In baseball, Bill James pioneered a concept called “similarity scores.” The whole idea is that a player that wants to be considered for the Hall of Fame should be similar to other Hall of Famers. So, he would take every single counting statistic (hits, runs, HR, RBI, BB, SB) and find the players most similar to any particular player. We can use the same concept in football.
People are obsessed with franchise quarterbacks. How do you know when you have one? NFL teams have done this for us. We are taking the top ten highest paid quarterbacks (not including Aaron Rodgers and Kyler Murray) and coming up with a composite (or numerical average) performance over a set of ratio statistics. In other words, these are percentages and not totals. The second group of quarterbacks are the next group of ten in terms of pay. Finally, we have the final group of ten that we would classify as either very young or possibly replaced. We are removing the Cardinals (Murray) and Stroud for now.
We are looking at touchdown percentage, interception percentage, yards per attempt, quarterback rating, ESPN QBR, and PFF score. Theoretically, the top ten paid guys should be better than the next ten and so forth. From there, we can simply check to see who Stroud is the most similar to as a group. We will identify that group and then begin comparing Stroud to that group instead of to the other rookies.
Tier One: 4.15 TD%, 2.14 INT%, 6.99 Y/A, 92.5 Rating, 58.1 QBR, 78.1 PFF
Tier Two: 3.90 TD%, 2.57 INT%, 7.09 Y/A, 90.5 Rating, 56.1 QBR, 76.2 PFF
Tier Three: 3.97 TD%, 2.74 INT%, 6.72 Y/A, 81.5 Rating, 43.3 QBR, 68.4 PFF
We should start by looking at these numbers. Obviously, who you choose to put in each group of ten makes a big difference. There were some tough cuts. Brock Purdy went in the third group even though he is largely considered as established as a starter. Ryan Tannehill is being paid like a second tier guy, but is performing like a third tier guy. When you switch those two then the distance between tier two and tier three becomes more significant.
The idea is to get a big enough sample size and then determine whether there really is a separation between the tiers. After all, most of the guys in tier one are making 40 million or more a season. You’d like to think that you are actually getting something for the investment. In some categories this is not true. The money numbers appear to be touchdowns and interceptions. Obviously, scoring points is the name of the game. The touchdown to interception ratio went from 1.94 to 1.45 for tier three. That’s a significant difference.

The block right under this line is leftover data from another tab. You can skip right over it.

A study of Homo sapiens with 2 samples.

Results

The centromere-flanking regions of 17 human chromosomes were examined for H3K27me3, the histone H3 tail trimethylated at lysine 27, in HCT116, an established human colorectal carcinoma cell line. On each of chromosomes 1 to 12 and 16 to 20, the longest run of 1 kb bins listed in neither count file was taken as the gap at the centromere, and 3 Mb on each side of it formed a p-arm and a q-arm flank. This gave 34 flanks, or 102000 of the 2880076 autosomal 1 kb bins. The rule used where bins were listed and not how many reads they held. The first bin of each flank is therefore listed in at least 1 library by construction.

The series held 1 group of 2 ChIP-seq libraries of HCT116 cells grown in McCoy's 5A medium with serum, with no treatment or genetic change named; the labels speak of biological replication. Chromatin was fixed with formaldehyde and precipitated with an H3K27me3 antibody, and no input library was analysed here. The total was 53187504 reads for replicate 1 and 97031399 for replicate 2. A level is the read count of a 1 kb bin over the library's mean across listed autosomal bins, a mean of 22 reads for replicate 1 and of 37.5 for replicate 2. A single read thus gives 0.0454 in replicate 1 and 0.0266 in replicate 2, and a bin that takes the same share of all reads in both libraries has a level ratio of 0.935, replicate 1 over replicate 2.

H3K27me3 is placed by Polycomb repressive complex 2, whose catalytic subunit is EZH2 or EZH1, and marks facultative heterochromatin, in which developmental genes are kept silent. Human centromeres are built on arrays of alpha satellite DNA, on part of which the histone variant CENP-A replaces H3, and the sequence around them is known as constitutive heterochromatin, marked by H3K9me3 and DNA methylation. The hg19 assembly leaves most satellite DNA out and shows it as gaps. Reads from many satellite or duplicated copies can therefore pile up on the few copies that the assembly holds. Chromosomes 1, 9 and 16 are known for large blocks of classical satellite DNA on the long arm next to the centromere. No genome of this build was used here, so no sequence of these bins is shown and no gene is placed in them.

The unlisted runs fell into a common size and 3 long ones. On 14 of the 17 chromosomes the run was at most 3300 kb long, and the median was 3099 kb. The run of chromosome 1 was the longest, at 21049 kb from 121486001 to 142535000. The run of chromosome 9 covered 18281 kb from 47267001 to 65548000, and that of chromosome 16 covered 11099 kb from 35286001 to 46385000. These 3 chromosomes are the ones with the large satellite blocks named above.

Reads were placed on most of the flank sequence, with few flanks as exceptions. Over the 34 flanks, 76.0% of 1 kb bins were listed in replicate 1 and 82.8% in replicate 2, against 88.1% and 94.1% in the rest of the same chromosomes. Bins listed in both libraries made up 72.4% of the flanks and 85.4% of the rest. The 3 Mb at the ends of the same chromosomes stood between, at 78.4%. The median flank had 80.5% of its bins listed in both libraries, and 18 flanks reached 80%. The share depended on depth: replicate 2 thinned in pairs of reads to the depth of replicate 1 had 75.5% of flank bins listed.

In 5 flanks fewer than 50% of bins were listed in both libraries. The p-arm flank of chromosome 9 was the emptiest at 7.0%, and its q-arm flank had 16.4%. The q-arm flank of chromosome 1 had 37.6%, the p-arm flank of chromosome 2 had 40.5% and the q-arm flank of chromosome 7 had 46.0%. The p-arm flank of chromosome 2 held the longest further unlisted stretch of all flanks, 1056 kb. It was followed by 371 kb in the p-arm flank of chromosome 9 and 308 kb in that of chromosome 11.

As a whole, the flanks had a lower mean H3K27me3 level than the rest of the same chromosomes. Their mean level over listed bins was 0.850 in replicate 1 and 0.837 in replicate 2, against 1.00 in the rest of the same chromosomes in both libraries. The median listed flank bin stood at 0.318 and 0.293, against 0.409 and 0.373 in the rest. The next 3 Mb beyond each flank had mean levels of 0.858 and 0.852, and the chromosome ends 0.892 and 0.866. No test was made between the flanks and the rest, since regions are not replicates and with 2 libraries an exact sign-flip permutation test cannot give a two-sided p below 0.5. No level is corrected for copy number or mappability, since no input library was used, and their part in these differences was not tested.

The yardage and rating numbers are not nearly as significant in terms of a difference. We are only six games in. Maybe players like Joe Burrow start turning things around and creating more of a gap. The concept is fairly simple. You pay for gaps and you pay for gaps that matter. If I am paying you more than the next guy then you need to be better than the next guy. More importantly, you need to be better tat things that actually matter.
Where is C.J. Stroud?
No more comparison is going to be absolutely direct, but we end up going with a preponderance of the evidence. Is Houston Texans QB C.J. Stroud performing like a franchise quarterback? Obviously, that is a loaded question. Those guys are paid a ton for a reason. He’s not there yet after six games, but we still want to compare him with the appropriate group of quarterbacks to be fair to them and to him.
TD%: 4.20 (Tier One)
INT%: 0.50 (Tier One)
Y/A: 7.80 (Tier One)
Rating: 96.4 (Tier One)
QBR: 55.5 (Tier Two)
PFF: 73.3 (Tier Two)
So, you could label Stroud as a tier one or two quarterback depending on your point of view. PFF and ESPN view him as a tier two quarterback, but all of the other numbers see a tier one quarterback. Since you are familiar with these numbers we will use them to evaluate Stroud from here on out. At the end of the season we will see where these quarterbacks stand as a group to see if there has been a shift.